Yemaya, goddess of the living ocean and a cedar sculpture by Jems Robert Koko Bi, sits in the Garden of Humanity, a walk through exhibit during the “Art of Transformation” exhibit preview on Monday, Dec. 4, 2023, outside the ARC in Opa-Locka.
Alie Skowronski
/
Miami Herald
Yemaya, goddess of the living ocean and a cedar sculpture by Jems Robert Koko Bi, sits in the Garden of Humanity, a walk through exhibit during the “Art of Transformation” exhibit preview on Monday, Dec. 4, 2023, outside the ARC in Opa-Locka.

The Art of Transformation program is being credited with helping revive what just a few years ago was one of South Florida’s most struggling cities, Opa-Locka.

Art Week, one of the world’s largest art events, is over for another year. But for South Florida what matters as much, if not more than the big-money luster of this international gathering, are the more low-key ways art is used to promote and benefit our local communities beyond the spectacle.

A great example is Art of Transformation. The program, created by affordable housing developer Ten North Group, is being credited with helping revive what just a few years ago was one of South Florida’s most struggling cities — Opa-Locka.

“This is really all about showcasing the various neighborhoods and communities and what they have to offer in South Florida,” said Dr. Willie Logan, the group's president and CEO, on the latest edition of The South Florida Roundup. “When it’s all said and done, this is about the people who live here, the people who are stakeholders here.”

Ten North Group's mission is focused on providing access to affordable housing and business opportunities in underserved South Florida communities, like Opa-Locka. One way they promote that work is by using various art exhibitions, performances and film projections — which also draw visitors to the city and bolsters local business opportunities in the art space.

This year, Ten North Group’s program unveiled Africa Global — the largest collection of African art in Florida. The exhibit was shown from Dec. 2 through Dec. 10 at various spots across Opa-Locka. It came about because the group had the opportunity to acquire two art collections traveling through the major capitals of the continent of Africa.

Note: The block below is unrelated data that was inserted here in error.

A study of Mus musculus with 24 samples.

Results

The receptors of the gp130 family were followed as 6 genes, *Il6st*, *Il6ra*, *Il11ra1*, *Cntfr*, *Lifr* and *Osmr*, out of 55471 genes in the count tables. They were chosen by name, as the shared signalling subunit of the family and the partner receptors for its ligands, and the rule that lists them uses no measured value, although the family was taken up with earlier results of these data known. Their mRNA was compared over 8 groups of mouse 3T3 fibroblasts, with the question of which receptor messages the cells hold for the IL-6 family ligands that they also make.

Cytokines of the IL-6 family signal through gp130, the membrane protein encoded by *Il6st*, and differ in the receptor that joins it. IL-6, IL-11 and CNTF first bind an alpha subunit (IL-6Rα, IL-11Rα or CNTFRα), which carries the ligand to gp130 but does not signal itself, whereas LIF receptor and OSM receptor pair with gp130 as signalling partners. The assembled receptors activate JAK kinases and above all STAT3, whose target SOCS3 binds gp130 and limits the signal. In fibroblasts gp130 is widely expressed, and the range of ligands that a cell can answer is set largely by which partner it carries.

“We’re showing about 35 pieces,” Logan said, adding that they showcase the diaspora of African art beyond the continent, including some with influences from Cuba and Brazil.

READ MORE: Miami-Dade has doubled funding for housing projects. Will it lower rents?

In recent years Opa-Locka had hit a municipal abyss, especially in terms of its finances. Just last month we saw several residents displaced from a dilapidated Opa-Locka apartment complex.

Logan explained that Art of Transformation focuses on what the group calls “creative place-making” — using art to begin re-imagining communities and boost redevelopment in under-resourced areas.

“Art is transformative,” Logan said. “You don’t have to look very far in our community to see what the architecture and the design in Coral Gables, Miami Springs, and South Beach has done to uplift those communities, give them a personality and make them a special place all before they got the good restaurants and nightclubs and high-end condominiums.”

More recently, places like Wynwood, Allapattah and the Design District have shown "what infusing art within real estate development can do to really attract folks" and turn a place into a destination, he explained.

The organization, established in 1980, manages a vast real-estate portfolio including historic properties, commercial parcels and about 1,200 affordable housing units. It intends to bring 1,000 new units of affordable workforce and mixed-income development into Opa-Locka alongside tens of thousands of square feet in commercial and retail space in the coming years, much of which would be focused on small business owners, Logan said.